The Obama administration last week committed $50 million to accelerate research on Alzheimer's disease. Scientists say recent breakthroughs in understanding the causes and progression of the brain-wasting illness give them new hope that an effective treatment or even a cure can be found.

Scientists working to unravel the mysteries of Alzheimer's disease are excited by two recent studies. Both provide important new insights on how the disease spreads through the brain.

Guy Eakin is vice president of the American Health Assistance Foundation, which helped to fund one of the breakthrough studies.  He says the study found that the progression of Alzheimer's disease depends on the transmission of an abnormal brain protein known as tau.

"Within our brain, one cell can transfer this tau protein to another cell and then that next cell will become diseased and transfer the tau protein to the next cell down the line. And that actually begins to explain how we see Alzheimer's developing," added Eakin.

Eakin says not every research effort leads to a breakthrough, but the accumulated findings from many previous studies of Alzheimer's, using both animal and human subjects, have drawn a much clearer picture of how the disease devastates the brain.

"In Alzheimer's disease, the destruction of tissue occurs in kind of a spiraling fashion and gradually encompasses the motor skills as well as emotional areas of the brain and other sensory mechanisms of the brain and ultimately overwhelms the brain's capacity," added Eakin.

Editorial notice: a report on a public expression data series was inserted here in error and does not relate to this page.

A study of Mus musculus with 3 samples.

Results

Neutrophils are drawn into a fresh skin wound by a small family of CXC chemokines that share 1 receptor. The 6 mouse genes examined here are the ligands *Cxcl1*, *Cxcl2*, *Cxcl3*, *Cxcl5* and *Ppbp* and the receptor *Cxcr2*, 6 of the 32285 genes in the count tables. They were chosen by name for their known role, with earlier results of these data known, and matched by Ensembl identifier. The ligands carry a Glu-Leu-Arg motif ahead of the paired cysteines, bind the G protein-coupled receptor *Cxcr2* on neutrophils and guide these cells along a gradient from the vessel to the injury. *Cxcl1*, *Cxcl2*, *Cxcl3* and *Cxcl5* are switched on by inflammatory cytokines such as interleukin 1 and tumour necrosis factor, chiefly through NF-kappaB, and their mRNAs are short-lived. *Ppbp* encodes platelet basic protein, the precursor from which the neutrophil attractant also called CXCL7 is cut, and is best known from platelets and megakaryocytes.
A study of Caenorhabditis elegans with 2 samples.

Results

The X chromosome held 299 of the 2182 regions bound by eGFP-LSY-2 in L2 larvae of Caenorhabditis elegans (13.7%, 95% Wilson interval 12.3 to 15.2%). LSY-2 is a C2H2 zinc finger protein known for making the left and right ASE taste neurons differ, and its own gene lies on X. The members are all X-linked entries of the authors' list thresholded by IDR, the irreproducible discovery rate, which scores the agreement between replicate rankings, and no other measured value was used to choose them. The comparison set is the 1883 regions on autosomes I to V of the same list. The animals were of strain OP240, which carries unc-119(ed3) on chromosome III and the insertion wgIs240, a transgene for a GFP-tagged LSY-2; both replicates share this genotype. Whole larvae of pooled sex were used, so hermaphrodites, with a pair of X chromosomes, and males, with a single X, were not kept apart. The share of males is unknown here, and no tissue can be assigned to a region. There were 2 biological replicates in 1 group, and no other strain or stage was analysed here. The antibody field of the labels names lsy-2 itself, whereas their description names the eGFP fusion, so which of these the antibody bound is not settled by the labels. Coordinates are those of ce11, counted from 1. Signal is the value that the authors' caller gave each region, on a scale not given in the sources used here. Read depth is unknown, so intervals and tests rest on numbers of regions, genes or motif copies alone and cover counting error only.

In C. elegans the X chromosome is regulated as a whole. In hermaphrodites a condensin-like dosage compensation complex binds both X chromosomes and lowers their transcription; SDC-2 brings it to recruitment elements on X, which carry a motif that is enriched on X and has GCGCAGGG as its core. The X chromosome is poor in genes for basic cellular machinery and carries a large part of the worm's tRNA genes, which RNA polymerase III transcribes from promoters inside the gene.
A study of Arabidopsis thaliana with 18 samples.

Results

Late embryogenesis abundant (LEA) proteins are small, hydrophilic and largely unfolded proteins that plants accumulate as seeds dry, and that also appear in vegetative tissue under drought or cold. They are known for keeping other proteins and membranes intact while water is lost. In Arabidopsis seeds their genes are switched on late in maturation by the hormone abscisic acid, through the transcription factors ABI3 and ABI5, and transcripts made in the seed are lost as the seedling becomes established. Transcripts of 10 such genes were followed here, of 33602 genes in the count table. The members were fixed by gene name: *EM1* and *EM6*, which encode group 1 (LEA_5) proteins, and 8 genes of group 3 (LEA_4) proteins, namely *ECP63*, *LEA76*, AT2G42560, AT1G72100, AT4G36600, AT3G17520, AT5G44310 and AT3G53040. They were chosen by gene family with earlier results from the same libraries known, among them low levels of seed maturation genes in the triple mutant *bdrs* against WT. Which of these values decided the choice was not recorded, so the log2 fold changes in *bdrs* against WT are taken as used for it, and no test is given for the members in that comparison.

Another important Alzheimer's study by Dr. William Jagust and colleagues at the University of California, Berkeley, finds that people whose daily routines include stimulating mental activities, such as reading, writing or solving puzzles, develop fewer of the amyloid plaque deposits in the brain that are the signature of Alzheimer's.

"What we found [is that] the more cognitively active they were, the less amyloid they had in the Brain," said Jagust.

And another recent study shows that those amyloid plaque deposits can start forming in younger adults and not just in the elderly, as researchers had previously believed.

Dr. Brian Appleby did not take part in that study, but treats dementia patients at Cleveland Clinic.

"We might be able to do something much earlier in life to prevent the process," said Appleby.

Dr. Francis Collins, the director of the National Institutes of Health (NIH), believes Alzheimer's research is gaining momentum, but there is still a long ways to go before the disease is fully understood.

"We have a beginning of a molecular picture. I don't want to say that we have all the other pieces together," said Collins.

Some of those pieces may be found in the 50 to 80 drug compounds designed to treat Alzheimer's that are now undergoing trials.  Scientists are hoping that at least a few of these drugs will help to slow or stop the disease in its tracks, so that a diagnosis of Alzheimer's is no longer a death sentence.